The government of the Democratic Republic of Congo is putting its own short-term interests over the well-being of the Congolese people. It is refusing to attend and encouraging others to stay home from today’s international conference in Geneva, a United Nations-led initiative to raise $1.7 billion for emergency assistance to over 13 million people in Congo affected by recent violence.

Government officials deny that there’s a humanitarian crisis. This appears related to a sinister attempt to attract foreign investment and further enrich those in power, while avoiding outside scrutiny.

Congolese security forces and armed groups have killed thousands of civilians in the past two years, adding to at least six million Congolese who have died from conflict-related causes over the past two decades – making the conflict in Congo the world’s deadliest since World War II. Today, some 4.5 million Congolese are displaced from their homes – more than in any other country in Africa. Tens of thousands have fled into Uganda, Angola, Tanzania, and Zambia in recent months – raising the specter of increased regional instability.

Congo is Africa’s biggest copper producer and the world’s largest source of cobalt–which has tripled in value in the past 18 months because of the demand for electric cars. Hundreds of millions of dollars of mining revenue have gone missing in recent years, as Kabila and his family and close associates have amassed fortunes. While Congo’s immense mineral wealth could help address the emergency and other basic needs of an impoverished population, income from any new investments are more likely to end up in the pockets of those in power.

Much of the recent violence is linked to the country’s worsening political crisis. President Joseph Kabila has delayed elections and used violence, repression, and corruption to entrench his hold on power beyond the end of his constitutionally mandated two-term limit on December 19, 2016.

Kabila has presided over a system of entrenched impunity in which those most responsible for abuses are routinely rewarded with positions, wealth, and power. Congolese security forces have carried out or orchestrated much of the violence, in some cases by creating or backing local armed groups. Well-placed security and intelligence sources have told us that efforts to sow violence and instability are an apparently deliberate “strategy of chaos” to justify further election delays.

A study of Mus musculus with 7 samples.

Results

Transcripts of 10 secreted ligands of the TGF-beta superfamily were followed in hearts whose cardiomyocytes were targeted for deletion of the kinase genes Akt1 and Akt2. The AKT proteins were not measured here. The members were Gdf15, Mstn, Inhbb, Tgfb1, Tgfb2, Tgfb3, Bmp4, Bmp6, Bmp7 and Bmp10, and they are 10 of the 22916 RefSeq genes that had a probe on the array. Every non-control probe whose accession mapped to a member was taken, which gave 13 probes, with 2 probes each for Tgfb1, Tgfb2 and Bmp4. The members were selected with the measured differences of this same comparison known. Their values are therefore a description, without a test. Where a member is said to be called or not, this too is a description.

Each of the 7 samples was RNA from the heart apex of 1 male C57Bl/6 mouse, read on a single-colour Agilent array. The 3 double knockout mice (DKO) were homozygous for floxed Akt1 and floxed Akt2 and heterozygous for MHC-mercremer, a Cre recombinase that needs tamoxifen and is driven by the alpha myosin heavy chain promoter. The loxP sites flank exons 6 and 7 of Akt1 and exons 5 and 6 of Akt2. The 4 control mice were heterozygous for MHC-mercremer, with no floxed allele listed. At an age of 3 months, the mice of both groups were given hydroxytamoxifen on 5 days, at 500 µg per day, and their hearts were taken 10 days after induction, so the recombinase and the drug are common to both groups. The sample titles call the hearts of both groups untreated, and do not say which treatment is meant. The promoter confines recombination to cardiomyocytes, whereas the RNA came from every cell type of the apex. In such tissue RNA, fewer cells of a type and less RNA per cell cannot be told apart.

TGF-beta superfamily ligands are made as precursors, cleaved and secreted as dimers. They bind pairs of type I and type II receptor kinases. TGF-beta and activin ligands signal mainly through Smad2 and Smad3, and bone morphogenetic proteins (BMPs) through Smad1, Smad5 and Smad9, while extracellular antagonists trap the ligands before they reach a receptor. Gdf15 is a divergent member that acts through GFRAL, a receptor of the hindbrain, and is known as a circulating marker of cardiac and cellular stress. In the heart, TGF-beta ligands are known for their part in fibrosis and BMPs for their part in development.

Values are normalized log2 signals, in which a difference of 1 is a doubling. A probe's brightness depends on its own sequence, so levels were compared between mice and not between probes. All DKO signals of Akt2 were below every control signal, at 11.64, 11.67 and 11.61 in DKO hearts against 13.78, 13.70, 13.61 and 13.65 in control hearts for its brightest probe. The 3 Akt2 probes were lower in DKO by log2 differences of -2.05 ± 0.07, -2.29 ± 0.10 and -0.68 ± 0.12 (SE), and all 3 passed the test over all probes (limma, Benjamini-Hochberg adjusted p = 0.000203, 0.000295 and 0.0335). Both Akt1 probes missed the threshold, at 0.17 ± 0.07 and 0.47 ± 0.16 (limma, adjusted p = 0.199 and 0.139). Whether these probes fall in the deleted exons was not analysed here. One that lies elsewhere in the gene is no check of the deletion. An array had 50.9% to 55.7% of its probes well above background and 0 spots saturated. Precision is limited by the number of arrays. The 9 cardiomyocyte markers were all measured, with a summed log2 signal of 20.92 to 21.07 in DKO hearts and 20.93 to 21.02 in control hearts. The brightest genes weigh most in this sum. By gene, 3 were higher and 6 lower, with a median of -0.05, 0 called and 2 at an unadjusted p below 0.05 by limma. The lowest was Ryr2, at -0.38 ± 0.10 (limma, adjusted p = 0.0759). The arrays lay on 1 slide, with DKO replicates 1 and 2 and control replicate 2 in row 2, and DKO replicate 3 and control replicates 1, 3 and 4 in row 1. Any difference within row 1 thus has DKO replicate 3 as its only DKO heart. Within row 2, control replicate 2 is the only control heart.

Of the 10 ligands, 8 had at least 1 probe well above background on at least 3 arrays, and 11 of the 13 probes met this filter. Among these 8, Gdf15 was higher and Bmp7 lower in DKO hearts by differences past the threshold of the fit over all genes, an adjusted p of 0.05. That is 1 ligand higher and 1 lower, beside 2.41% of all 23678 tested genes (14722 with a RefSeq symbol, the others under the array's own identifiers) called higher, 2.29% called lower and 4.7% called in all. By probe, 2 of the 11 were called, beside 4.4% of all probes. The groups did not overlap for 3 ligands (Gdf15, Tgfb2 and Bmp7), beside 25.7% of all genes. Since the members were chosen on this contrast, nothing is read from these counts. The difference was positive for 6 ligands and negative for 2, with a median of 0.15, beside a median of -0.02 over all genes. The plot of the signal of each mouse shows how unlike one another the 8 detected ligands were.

Congolese security forces shot dead nearly 300 people during political protests over the past three years. Since December, security forces have hit a new low by firing into Catholic church grounds to disrupt peaceful services and protest marches following Sunday mass. 

Meanwhile, attacks on civilians have intensified in eastern Congo’s Ituri province over the past three months. We have documented terrifying accounts of massacres, rapes, and decapitation. More than 200,000 people have been forced to flee their homes.

While government officials have insisted that the recent violence is the consequence of inter-ethnic tensions, baffled residents say that isn’t so. Many referred to an “invisible hand” – seemingly professional killers came into their villages and hacked people to death in what appeared to be well-planned assaults. Some alleged that government officials may be involved.

But Congo’s deputy minister for international cooperation said last week that “there is no humanitarian crisis.” Congo’s foreign minister said the UN’s description of the humanitarian situation in Congo is “counterproductive for the public image and attractiveness of our country and could scare away potential investors.”

Congolese government officials sent threatening letters to the Netherlands and Sweden, who are supporting the conference, saying Congo would be “forced to impose consequences” if they continue with their preparations, and they successfully convinced the United Arab Emirates to pull out.

Donors should not be intimidated. They should instead work to ensure that adequate funds are raised to meet the life-threatening humanitarian and protection needs of the Congolese people. And just as important, they should work to address the underlying causes of the violence to prevent the crisis from spiraling out of control even further.

That means working closely with regional leaders to ensure Kabila steps down in accordance with the constitution and allows for the organization of free, fair, and credible elections. Congolese need an opportunity to elect a new president who is accountable to the people and who will work to bring an end to Congo’s violence, impunity, and suffering. The Congolese people deserve no less.